Rising Interest Rates May Not Have an Immediate Impact on Senior Loan Rates

Following months of uncertainty, the U.S. Federal Reserve has indicated that there could soon be a hike in the Federal Funds Target Rate.  Interest rates have been kept in a range between zero and one-quarter of a percent since December 2008 and have not risen since June 2006.

As interest rates have been at historically low levels for nearly the last seven years, some fixed income investors have shifted their focus to senior loan securities with floating-rate characteristics, such as interest rate floors, to protect themselves in the event of falling rates.  Interest rate floors protect the loan interest rate by increasing the loan interest rate to the spread plus the floor if the reference rate ever falls below the floor.  Simply put, the formula for loan rates in these structures can be stated as follows.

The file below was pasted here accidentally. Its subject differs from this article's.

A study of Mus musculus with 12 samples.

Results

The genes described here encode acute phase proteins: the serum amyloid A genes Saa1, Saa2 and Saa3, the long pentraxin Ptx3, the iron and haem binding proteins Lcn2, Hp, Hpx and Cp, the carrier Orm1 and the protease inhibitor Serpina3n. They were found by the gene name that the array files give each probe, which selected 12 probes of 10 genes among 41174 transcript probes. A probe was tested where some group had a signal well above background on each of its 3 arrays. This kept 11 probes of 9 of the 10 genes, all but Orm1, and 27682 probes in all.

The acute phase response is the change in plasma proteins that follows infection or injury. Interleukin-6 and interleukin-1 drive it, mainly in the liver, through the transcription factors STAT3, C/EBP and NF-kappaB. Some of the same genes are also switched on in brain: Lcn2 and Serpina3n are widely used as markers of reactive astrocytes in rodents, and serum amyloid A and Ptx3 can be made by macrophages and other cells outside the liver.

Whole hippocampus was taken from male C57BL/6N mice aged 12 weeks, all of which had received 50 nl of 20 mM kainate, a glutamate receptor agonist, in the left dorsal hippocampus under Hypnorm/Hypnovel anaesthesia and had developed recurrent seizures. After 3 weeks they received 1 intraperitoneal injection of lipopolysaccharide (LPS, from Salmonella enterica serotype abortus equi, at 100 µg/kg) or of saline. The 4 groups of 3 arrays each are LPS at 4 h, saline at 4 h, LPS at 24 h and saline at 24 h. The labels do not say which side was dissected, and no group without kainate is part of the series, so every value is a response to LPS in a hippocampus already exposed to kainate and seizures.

Loan Interest Rate = Maximum of (Reference Rate or Floor) + Spread

As of Nov. 28, 2015, the S&P/LSTA U.S. Leveraged Loan 100 Index consisted of 100 senior loans, of which 91 had interest rate floors based on the Federal Funds Target Rate.  Of those loans, 31 had a floor of 0.75%, 55 had a floor of 1.00%, and 5 had a floor of 1.25%.  As the Federal Funds Target Rate is currently below these floors, we know that the loan interest rates are currently established by the interest rate floors instead.  This implies that as interest rates begin to rise, we may not see an immediate impact on senior loans with interest rate floors.  Lenders may have to wait until the Federal Funds Target Rate rises above 0.75% for the rising interest rates to make a significant impact on this basket of loans.